LA Johnson

The Missouri House Committee on Elementary and Secondary Education voted 14-3 Thursday morning to push forward legislation that would allow school administrators to increase the number of people who can carry guns in schools.

The legislation advanced on Thursday concerns school protection officers. Currently, school districts may designate only teachers or administrators as school protection officers. This bill adds other designated school personnel to the list of employees a district may designate as a school protection officer.

School protection officers have the authority to carry a weapon on school grounds if the officer has obtained a concealed carry endorsement permit.

State Rep. Kathy Steinhoff, a Democrat from Columbia, voted in support of the bill, but she made her stance on gun control in schools clear.

“I oppose guns in schools, so it was really hard for me to support this bill because on face value it looks like it’s against everything I believe in,” she said.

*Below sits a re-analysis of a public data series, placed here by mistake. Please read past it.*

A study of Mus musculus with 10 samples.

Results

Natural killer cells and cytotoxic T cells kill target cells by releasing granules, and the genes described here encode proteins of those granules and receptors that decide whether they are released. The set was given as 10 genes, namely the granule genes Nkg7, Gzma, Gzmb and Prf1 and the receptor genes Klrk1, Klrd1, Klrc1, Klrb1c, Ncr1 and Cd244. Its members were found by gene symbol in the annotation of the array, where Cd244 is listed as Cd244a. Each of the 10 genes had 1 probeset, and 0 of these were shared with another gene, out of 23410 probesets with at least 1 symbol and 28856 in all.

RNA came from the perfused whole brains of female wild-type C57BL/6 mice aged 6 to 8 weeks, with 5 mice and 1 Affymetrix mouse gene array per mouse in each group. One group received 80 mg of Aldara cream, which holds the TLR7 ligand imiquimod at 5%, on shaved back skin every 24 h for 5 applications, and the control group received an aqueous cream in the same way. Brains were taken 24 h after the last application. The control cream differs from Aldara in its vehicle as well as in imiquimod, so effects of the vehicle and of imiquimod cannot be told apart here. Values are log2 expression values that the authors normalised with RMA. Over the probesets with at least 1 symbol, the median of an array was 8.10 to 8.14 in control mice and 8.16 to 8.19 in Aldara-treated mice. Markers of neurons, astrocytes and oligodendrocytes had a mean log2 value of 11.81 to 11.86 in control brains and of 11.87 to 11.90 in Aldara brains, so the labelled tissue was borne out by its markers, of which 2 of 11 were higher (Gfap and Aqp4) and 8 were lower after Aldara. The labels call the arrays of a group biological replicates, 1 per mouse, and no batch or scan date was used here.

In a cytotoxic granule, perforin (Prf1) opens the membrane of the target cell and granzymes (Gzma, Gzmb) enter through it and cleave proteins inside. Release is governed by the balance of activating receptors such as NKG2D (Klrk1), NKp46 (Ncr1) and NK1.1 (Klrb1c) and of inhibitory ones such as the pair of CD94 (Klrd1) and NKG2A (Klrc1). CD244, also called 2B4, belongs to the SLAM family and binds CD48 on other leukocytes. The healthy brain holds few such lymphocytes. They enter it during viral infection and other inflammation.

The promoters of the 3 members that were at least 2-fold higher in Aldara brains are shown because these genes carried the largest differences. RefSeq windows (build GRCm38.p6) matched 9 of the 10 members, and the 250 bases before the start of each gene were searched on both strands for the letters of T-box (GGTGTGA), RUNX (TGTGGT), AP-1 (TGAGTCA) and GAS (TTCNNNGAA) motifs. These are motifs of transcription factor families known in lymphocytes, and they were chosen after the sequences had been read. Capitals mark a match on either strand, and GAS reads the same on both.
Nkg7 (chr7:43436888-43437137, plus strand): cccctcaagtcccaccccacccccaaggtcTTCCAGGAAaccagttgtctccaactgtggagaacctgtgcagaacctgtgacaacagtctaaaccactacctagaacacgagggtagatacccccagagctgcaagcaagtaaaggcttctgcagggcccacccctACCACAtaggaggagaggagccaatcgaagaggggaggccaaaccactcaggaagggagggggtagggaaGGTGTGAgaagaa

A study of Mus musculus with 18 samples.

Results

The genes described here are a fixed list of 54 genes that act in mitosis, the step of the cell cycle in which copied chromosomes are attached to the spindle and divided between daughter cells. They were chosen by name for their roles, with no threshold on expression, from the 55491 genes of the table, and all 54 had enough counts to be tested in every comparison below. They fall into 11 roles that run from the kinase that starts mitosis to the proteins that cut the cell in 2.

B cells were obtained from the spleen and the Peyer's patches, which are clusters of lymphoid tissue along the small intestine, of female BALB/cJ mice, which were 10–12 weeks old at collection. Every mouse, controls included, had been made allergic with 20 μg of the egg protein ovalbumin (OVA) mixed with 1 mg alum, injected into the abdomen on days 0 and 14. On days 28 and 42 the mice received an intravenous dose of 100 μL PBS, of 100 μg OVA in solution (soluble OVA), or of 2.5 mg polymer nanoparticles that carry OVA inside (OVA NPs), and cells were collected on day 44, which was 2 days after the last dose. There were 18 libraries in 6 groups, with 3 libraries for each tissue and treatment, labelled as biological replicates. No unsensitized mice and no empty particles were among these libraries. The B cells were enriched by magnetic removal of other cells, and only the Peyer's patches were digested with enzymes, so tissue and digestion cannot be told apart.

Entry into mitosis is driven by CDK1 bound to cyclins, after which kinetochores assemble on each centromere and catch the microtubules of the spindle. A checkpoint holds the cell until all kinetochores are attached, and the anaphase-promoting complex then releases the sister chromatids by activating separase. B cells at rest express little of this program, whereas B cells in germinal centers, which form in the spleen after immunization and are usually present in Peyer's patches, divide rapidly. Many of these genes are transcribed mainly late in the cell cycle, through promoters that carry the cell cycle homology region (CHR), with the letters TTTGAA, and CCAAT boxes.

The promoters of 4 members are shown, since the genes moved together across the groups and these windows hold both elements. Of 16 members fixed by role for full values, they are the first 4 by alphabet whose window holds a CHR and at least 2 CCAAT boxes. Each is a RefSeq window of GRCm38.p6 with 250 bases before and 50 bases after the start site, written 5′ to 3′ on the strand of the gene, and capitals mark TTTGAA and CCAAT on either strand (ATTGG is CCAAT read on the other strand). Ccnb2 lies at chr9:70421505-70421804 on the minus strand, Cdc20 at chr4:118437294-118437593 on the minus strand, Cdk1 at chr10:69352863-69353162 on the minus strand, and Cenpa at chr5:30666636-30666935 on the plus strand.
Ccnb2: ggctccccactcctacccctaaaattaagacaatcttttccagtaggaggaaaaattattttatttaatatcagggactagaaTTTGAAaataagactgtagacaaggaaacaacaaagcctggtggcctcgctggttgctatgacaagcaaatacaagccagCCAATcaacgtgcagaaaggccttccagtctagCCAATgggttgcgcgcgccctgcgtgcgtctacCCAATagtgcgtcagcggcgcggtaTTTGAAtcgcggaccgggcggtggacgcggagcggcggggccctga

Steinhoff said it’s important that if people carry guns in schools, it must be the right person. “If a school board chooses to authorize someone to carry a gun in their schools, I want to make sure they have the flexibility to make sure that the right person is doing that,” she said.

Steinhoff added, “I believe the success of public schools lies in making sure that every position is filled by somebody who’s highly qualified and highly trained. I don’t see teachers and administrators being the ones who can carry out that sort of job duty.”

Kristin Bowen is a volunteer with the Missouri chapter of Moms Demand Action for Gun Sense in America. Her organization disagrees with the committee’s decision to advance the bill.

“We were disappointed, not surprised,” she said. “This is a bill that expands who can carry loaded guns in our K-12 schools in Missouri.”

Bowen argued any legislation that increases the number of potential guns that could be brought into a school is bad.

“We know, research shows, putting more guns in our schools puts kids in a position of being less safe, not more safe,” she said.

Steinhoff said that each district will have to make its own decision on who can be a school protection officer even if the new bill becomes law.

“This is not mandating it,” Steinhoff said. “It’s making it so that a school board can choose to do that. I hope that no school board chooses to do that.”

This story originally appeared in the Columbia Missourian. It can be republished in print or online.